Natalie Vasilj and friends hiking

Natalie Vasilj

Executive PHAP

Natalie Vasilj is an Executive Public Health Administration & Policy MPH student at the University of Minnesota School of Public Health. Natalie’s work focuses on improving the mental and behavioral health of women and children through a public health lens. Learn more about Natalie by reading her responses to the questions below.

First, tell me a little bit about yourself?
[Natalie] I went to the College of Saint Benedict in St. Joseph, MN, and double majored in English and Psychology. Writing and qualitative research have been huge passions of mine and are tools I have found incredibly useful in my work in public health. When quality writing is used in public health communications, I’ve seen a true impact in behavior change in the communities I serve. We can use the power of narratives and storytelling along with quantitative data to better understand populations. Populations aren’t just numbers. They represent people with lived experiences, culture, and knowledge. Qualitative research provides an opportunity for  communities to co-create initiatives and strategies that better their health and well-being. 

What drew you to public health?
[Natalie] I was a behavioral therapist for children with autism, and in that space I witnessed a lot of barriers faced by my clients and their parents. These barriers were additional stressors in their lives that really impacted their quality of life. After seeing the impact systems had on the health and well-being of my clients, I found my way to public health where I took a position working for Washington County, Minnesota. In this position I work on addressing behavioral health through a public health lens, and it has completely shifted how I think about health and human development as a whole. 

What specific issue, problem, or area of research in public health do you care the most about and why?  [Natalie] I’ve been exploring the misdiagnosis of mental health disorders; specifically the misdiagnosis and underdiagnosis of ADHD in adult women. The way women express their symptoms can be very different from men, and it’s really important to figure out why so many women are inaccurately being diagnosed with anxiety when later they are found to actually be struggling with adult ADHD.

How would you like to help address or explore this issue?
[Natalie] Regardless of if I go into an administrative or research-based role providing policy recommendations, my MPH degree will give me the foundation to stretch my thinking and has already redefined how I view leadership. Due to COVID-19, public health has an opportunity to grow into a more equitable and informed practice, and I want to be part of that change.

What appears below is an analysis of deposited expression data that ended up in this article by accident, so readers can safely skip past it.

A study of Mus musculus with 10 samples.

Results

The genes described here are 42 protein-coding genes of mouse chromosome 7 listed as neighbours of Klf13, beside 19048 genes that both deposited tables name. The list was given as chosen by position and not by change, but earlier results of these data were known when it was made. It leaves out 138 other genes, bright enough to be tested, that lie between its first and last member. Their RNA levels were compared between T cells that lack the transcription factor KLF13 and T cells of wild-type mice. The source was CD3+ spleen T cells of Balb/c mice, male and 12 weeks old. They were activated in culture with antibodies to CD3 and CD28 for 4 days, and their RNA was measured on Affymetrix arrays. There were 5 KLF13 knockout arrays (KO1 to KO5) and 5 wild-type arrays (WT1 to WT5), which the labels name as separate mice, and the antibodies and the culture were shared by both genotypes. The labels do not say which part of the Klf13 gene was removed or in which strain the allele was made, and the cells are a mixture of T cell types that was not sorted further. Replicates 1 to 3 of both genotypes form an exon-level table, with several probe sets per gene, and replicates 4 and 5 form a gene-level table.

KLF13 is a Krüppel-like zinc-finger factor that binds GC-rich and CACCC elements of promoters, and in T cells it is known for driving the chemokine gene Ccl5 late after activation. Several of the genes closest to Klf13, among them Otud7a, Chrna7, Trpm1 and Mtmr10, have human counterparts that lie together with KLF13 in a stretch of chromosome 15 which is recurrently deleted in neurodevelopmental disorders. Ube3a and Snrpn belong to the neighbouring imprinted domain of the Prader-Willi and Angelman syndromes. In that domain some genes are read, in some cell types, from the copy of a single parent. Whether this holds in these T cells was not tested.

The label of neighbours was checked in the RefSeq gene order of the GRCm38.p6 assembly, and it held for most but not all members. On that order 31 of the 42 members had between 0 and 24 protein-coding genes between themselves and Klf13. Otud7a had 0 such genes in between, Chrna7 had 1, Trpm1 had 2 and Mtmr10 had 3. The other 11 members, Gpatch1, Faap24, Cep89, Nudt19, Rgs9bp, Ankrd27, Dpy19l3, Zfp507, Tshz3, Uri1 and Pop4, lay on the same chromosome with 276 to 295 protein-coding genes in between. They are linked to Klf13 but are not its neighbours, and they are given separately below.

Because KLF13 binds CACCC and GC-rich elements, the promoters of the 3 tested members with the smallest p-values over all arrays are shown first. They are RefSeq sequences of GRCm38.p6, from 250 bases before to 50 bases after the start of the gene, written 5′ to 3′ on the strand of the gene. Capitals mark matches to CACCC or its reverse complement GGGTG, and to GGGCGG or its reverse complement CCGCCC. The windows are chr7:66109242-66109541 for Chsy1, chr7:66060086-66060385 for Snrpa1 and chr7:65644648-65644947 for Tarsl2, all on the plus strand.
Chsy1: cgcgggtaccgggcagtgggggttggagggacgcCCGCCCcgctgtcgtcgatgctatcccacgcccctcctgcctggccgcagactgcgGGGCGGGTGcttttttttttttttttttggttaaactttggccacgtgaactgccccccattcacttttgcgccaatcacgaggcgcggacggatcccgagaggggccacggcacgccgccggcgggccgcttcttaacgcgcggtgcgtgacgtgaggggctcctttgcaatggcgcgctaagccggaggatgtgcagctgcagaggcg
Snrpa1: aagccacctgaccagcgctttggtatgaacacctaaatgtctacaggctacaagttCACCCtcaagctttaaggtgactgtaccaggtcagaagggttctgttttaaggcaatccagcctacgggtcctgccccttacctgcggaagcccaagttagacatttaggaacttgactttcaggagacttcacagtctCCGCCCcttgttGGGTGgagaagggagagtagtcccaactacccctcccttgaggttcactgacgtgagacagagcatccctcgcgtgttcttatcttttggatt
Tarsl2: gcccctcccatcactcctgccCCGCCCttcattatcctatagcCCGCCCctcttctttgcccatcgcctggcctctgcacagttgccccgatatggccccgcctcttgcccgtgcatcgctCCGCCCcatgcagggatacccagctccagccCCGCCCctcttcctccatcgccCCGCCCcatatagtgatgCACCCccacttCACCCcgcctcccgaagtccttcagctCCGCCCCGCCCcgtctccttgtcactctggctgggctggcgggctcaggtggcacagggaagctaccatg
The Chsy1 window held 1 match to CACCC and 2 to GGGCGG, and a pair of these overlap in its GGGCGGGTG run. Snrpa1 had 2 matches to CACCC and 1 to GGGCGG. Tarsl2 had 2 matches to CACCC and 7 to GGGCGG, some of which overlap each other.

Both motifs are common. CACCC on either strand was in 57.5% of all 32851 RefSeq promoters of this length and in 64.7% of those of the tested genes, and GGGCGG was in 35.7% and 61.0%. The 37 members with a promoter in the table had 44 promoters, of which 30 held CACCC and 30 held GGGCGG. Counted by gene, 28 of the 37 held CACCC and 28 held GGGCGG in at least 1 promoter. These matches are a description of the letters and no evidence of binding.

Are you currently involved in any public health research or professional work?
[Natalie] Currently, I’m part of the Prevention Wellness Training (PWT) Committee. We work on addressing student mental health through a public health lens. Our biggest initiative is the Mental Health Advocate program. This initiative provides training to staff and faculty at the University to recognize mental health issues in students and provide support to them as appropriate. We support staff and faculty in creating learning environments that support student mental health and educate them on recognizing mental health crises and signs of suicide. We surveyed students’ concerns and thoughts in fall 2021 and shared the feedback with U of M leadership. 

Why did you choose to come to the U of M School of Public Health?
[Natalie] The University of Minnesota School of Public Health was the only school I applied to because of the program’s hybrid structure. The U of M allowed me to continue working while taking classes. The U is also very respected for the leaders it produces, and I wanted to be a part of that.

What are the reasons why you chose your program? What do you like about it?
[Natalie]I really like the flexible schedule and variety of classes. I can take classes related to public health policy and planning and budgeting, and I can also take electives on climate change. To become a better leader in public health, I want to have a better understanding of all the areas that public health addresses to have greater awareness of how things work and where people are coming from. My program is a hybrid program so every semester we spend a few days on campus and being able to be in-person with a cohort is really nice. I love the flexibility of online classes, but still being able to have that in-person connection is really valuable. 

What has been your favorite class so far?
[Natalie] Planning and Budgeting with JP Leider [PubH6755]. He does such a good job of bringing conceptual learnings into real-life practice.

What do you like about being in Minnesota?
[Natalie] I love everything about Minnesota. I’ve lived in a lot of different places and really like to travel. So my favorite thing about Minnesota is that I’m never sad when a trip is over because it is the best place to come home to. I’m so grateful that I live here and really enjoy the nature, the people, and the changing seasons.